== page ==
NBC's Tim Russert interviewed Bush in the White House Oval Office on Saturday.
NBC's Tim Russert interviewed Bush in the White House Oval Office on Saturday.


"Saddam Hussein was dangerous, and I'm not just going to leave him in power and trust a madman," Bush said in a taped interview that aired Sunday on NBC's "Meet the Press." "He's a dangerous man. He had the ability to make weapons at the very minimum."

"For the parents of the soldiers who have fallen who are listening, David Kay, the weapons inspector, came back and said, in many ways Iraq was more dangerous than we thought," Bush said. "We are in a war against these terrorists who could bring great harm to America, and I've asked these young ones to sacrifice for that."

Kay, the former chief U.S. weapons inspector in Iraq, told the Senate Armed Services Committee last month that "we were all wrong, probably, in my judgment," about whether Saddam Hussein had chemical or biological weapons.

The interviewer, NBC's Tim Russert, asked Bush about the newly appointed commission looking into intelligence findings before the war and whether it was fair to put off those findings until after the November presidential election. The commisson's report is due July 2005.

"The reason why we gave it time is because we didn't want it to be hurried," Bush said. "This is a strategic look, kind of a big-picture look about the intelligence-gathering capacities of the United States of America. There is going to be ample time for the American people to assess whether or not I made good calls, whether I used good judgment, whether or not I made the right decision in removing Saddam Hussein from power, and I look forward to that debate."

Bush also stood firm behind CIA Director George Tenet, denying that Tenet's job is in jeopardy.

"Not at all, not at all," Bush said. "I strongly believe the CIA is ably led by George Tenet."

Bush also said he'd be glad to visit but not testify before the commission he set up to evaluate the U.S. intelligence that said Saddam had stockpiles of weapons of mass destruction -- a main reason the administration the White House pushed for war.

"I expected to find the stockpile of weapons," Bush said, referring to weapons of mass destruction. "We were attacked [on September 11, 2001] and every threat had to be analyzed."

Bush said that Congress had access to the same intelligence that he had about the prewar threat from Iraq.

The Bush interview, which was recorded Saturday, lasted about 50 minutes and touched on other subjects in addition to Iraq.

Bush said he supported his country during the Vietnam War era, but called the conflict "a political war."

"I supported my government," he said. "I did. And would have gone had my unit been called up, by the way."

"The thing about the Vietnam War that troubles me as I look back was it was a political war," he said. "We had politicians making military decisions, and it is lessons that any president must learn, and that is to the set the goal and the objective and allow the military to come up with the plans to achieve that objective."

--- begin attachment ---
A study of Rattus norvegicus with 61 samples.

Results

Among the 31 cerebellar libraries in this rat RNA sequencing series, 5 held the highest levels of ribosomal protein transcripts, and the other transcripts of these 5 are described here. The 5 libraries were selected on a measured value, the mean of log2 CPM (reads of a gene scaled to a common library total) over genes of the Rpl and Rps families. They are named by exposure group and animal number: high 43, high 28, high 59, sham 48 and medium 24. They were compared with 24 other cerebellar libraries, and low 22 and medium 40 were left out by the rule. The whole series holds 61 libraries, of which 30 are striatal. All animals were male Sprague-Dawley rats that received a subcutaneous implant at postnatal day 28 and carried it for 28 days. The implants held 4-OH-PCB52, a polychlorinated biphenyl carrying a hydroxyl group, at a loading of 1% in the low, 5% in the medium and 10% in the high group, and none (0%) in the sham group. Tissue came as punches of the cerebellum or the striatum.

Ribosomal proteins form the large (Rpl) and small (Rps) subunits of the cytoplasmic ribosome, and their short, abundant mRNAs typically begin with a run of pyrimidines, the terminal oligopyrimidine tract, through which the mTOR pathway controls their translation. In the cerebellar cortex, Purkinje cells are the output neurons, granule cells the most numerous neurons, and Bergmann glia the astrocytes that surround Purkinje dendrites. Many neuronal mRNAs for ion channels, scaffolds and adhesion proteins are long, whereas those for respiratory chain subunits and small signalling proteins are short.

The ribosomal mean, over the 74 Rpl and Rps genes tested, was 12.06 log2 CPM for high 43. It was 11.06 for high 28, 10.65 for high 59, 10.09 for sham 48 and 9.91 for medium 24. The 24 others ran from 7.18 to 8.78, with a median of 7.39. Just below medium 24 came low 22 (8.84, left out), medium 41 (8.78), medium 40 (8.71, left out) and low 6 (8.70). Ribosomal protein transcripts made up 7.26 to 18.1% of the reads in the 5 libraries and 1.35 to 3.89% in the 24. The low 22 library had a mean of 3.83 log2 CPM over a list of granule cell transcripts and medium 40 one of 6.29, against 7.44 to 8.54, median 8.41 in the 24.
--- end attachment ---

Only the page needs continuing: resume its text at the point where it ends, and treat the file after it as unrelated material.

Bush dismissed reports by the Boston Globe and other news media that he was abscent during portions of his Vietnam War era service in the Texas Air National Guard, saying those reports "are just wrong."

"Political season is here," he said. "I was, I served in the National Guard. I flew F-102 aircraft. I got an honorable discharge."

He said he would authorize release of all of his military records, as he said he did in 2000.

Bush also implied that complaints that he avoided active military service by gaining a spot in the Air National Guard did a disservice to the Guard.

"There are a lot of really fine people who served in the National Guard and who are serving in the National Guard today in Iraq," he said.

Also, Bush expressed confidence that he will be re-elected in November, despite some polls that have shown him trailing Democratic front-runner Sen. John Kerry of Massachusetts.

Asked about his re-election chances, Bush said, "I don't intend to lose."

"I want to lead this world to more peace and freedom," he added. "And we have changing times in America, too."

On the nation's sluggish economy, Bush said the factors that hurt the U.S. economy primarly began before his presidency and said his economic policies were "making a big difference."

Criticisms about his administration's spending -- some from conservative sources such as radio talk show host Rush Limbaugh and the Heritage Foundation -- are "wrong," he said.

"I'm more worried about the fellow looking for the job," Bush said. "That's what I'm worried about. I want people working. I want people to find work. And so, when we stimulate the economy, it's more likely that person is going to find work. And the best way to stimulate the economy is not to raise taxes but to hold the low taxes down."